Mike Young, the vice-president and general manager of the Community Broadcasting Service, has offered an apology to viewers expecting to see Monday’s U.S. Open men’s final in its entirety on WABI-TV Channel 5.
But he said the decision to join the match between Novak Djokovic and Rafael Nadal after the local news was made based on “our obligation and desire to serve the public interest.
“We got probably 100 emails and phone calls expressing concern, disappointment and, in some cases, outrage. But if we had pre-empted our local news, it easily would have been 10 times that,” said Young.
The match, which had been pushed back from Sunday to Monday due to postponements caused by rain last week, began at 4 p.m. and Channel 5’s one and a half hour-long local news runs from 5-6:30 p.m. They joined the match at 6:30, pre-empting the national news and local and network programming.
The match was in the third set at the time and Djokovic had won the first two sets. Nadal took the third set but Djokovic captured the fourth set to win the title.
Young said if the match had been held at any other time, WABI would have aired it in its entirety.
He said some callers wondered why they didn’t at least air the first part of the match and pre-empt the Ellen DeGeneres Show from 4-5 p.m. before switching over to the local news.
“There’s a simple answer to that question: it’s better to not start it and take it away,” explained Young. “We didn’t want people to miss the most important part of the match. We wanted to avoid another ‘Heidi’ game.”
Young was referring to an American Football League game between the New York Jets and Oakland Raiders on Nov. 17, 1968. At the end of the hour time slot, the network switched over to the movie “Heidi.” However, there were still 50 seconds left in the game and the Raiders, who trailed 32-29 when the switch was made, scored two touchdowns in the final 42 seconds to win 43-32.
Young said WABI left no stone unturned in an attempt to accommodate the tennis fans.
“We tried to move the match to the CW, our secondary channel, but they said no,” said Young. “They (CW representatives) told us we have a contract with them and there’s a clause that prohibits pre-empting any CW program during premier week and this week happens to be premier week,” said Young. “We offered them every commercial break we had in the U.S. Open, free of charge, to promote CW programming. But that wasn’t enough.”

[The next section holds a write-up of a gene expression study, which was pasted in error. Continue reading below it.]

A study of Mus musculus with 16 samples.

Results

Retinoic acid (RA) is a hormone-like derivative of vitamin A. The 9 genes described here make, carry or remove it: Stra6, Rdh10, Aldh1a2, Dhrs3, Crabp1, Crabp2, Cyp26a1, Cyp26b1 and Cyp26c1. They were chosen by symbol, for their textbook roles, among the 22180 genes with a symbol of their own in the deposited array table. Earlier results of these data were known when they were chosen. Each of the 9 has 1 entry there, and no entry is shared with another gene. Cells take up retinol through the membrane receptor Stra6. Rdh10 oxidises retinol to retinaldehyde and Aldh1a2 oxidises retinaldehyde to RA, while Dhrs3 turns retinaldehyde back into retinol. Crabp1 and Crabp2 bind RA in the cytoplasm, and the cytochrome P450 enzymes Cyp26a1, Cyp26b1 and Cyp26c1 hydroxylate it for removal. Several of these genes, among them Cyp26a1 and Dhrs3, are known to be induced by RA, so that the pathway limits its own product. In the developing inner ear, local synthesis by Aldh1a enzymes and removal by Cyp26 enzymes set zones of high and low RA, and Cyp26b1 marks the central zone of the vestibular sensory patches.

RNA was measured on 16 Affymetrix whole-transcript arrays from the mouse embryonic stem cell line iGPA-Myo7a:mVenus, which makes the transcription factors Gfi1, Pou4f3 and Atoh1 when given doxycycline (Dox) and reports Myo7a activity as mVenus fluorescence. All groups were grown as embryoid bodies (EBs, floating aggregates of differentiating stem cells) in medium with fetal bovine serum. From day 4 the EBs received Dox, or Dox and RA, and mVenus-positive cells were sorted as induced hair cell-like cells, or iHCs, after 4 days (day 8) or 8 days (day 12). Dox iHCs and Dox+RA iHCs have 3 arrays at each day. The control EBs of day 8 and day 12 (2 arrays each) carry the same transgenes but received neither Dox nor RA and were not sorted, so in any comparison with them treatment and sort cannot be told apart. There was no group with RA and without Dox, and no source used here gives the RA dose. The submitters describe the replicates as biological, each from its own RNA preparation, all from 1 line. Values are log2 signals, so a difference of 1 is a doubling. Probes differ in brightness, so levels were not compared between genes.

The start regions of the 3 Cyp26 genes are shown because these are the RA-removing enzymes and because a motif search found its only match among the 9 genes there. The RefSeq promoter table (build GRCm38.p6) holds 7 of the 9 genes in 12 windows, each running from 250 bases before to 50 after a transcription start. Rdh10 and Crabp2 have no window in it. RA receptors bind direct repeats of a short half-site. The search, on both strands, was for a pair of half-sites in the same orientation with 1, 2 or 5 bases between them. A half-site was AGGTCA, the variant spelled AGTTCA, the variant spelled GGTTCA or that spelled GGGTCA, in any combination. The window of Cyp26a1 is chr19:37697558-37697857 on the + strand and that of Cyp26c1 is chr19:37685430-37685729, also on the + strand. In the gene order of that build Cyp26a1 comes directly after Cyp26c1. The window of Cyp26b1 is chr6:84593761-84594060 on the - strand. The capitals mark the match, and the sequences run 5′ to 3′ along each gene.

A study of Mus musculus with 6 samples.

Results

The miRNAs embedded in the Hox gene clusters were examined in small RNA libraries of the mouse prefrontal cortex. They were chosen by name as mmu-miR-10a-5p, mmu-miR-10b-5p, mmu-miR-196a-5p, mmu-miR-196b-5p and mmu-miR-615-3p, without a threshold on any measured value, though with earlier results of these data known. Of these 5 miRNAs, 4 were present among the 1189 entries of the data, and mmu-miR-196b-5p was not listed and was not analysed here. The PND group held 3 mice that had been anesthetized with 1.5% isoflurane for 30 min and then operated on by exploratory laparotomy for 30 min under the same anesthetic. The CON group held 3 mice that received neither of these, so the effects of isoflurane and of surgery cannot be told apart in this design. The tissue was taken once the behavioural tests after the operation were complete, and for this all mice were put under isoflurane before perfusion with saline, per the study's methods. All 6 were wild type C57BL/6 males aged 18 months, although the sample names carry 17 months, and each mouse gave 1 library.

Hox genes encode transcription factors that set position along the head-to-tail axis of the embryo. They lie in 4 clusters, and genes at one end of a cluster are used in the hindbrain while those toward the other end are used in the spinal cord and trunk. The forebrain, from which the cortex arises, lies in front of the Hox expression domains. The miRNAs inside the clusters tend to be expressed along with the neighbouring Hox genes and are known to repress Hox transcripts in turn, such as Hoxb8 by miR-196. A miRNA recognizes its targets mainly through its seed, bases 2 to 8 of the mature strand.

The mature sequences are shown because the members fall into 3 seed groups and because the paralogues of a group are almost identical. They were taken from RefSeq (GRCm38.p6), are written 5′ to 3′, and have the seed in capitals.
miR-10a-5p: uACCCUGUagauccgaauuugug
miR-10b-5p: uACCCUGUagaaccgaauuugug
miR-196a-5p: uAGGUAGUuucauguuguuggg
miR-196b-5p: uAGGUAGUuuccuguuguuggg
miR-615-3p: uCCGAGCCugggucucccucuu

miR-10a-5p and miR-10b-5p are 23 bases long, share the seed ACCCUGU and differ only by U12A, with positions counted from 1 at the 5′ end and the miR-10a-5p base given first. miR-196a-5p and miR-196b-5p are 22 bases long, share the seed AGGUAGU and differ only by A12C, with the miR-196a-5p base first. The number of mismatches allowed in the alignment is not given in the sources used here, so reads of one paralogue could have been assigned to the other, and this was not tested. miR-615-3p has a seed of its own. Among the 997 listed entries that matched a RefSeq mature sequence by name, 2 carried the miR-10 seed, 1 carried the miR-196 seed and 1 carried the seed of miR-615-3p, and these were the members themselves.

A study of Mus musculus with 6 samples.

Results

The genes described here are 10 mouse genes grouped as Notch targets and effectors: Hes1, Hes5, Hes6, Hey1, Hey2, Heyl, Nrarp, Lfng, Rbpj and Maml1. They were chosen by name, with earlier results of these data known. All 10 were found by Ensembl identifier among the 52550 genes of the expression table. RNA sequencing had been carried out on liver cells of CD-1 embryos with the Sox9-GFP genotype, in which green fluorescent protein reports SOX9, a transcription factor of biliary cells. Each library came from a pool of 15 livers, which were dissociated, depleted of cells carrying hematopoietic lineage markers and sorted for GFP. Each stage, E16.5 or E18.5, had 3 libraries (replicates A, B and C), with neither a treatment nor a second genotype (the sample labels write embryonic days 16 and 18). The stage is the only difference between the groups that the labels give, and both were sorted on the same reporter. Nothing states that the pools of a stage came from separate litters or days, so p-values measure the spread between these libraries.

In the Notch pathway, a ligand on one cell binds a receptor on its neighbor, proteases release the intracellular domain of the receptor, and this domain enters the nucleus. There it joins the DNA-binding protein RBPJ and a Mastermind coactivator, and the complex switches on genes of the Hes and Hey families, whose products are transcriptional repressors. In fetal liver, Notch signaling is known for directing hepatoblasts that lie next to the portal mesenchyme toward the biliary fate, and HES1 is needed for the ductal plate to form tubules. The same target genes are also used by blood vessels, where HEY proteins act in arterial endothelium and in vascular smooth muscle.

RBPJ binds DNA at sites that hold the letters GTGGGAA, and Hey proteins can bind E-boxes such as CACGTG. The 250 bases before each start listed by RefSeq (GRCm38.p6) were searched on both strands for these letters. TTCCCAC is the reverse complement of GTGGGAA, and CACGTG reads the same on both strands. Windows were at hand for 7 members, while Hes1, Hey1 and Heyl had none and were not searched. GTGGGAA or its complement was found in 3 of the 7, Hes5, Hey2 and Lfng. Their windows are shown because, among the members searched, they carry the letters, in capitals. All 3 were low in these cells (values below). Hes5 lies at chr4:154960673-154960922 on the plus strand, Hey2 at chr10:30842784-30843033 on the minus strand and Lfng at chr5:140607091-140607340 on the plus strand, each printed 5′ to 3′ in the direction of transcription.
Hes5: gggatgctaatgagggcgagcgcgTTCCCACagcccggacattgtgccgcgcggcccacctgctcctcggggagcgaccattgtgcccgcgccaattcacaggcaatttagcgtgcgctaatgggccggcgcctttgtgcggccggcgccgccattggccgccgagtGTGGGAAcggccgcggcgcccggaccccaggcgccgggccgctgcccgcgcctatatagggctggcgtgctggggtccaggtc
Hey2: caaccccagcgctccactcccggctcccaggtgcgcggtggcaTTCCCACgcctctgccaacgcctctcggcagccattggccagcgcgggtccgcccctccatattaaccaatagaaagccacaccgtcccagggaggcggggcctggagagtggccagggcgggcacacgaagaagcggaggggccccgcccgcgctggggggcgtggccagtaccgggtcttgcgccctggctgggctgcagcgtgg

They also contacted CBS officials to see if WABI could air the entire match, tape-delayed, later that evening but that idea was rejected, he said.
Young said the entire match was available on the Internet so viewers with computers and Internet access could have watched it. It was on the usopen.org website and Young said WABI created a link on its website tying into it.
“I apologize to those who feel we let them down. We aren’t looking for sympathy, just for a little understanding. We had to make a very difficult decision and tried to make the best decision we could. We exercised every option we could,” said Young, who made the decision with program director Steve Hiltz.
He said he hopes the viewers “judge us on balance.
“We have a tremendous lineup of network sports programming from SEC football to NCAA basketball to NFL football,” said Young. “We also do University of Maine games and the three state championship high school football games.
“I think it’s fair to say we do a pretty darned good job most of the time,” he added.
As for WABI’s University of Maine coverage, he said it will air three football games. WABI will broadcast the Oct. 1 game with Delaware beginning at 3 p.m.; the Oct. 15 game with Rhode Island (1 p.m.) and the Nov. 5 game with Towson (12:30 p.m.).
The station will also air “seven to eight men’s hockey games and one men’s basketball and one women’s basketball game.”
He also said they may add some more hockey or basketball games.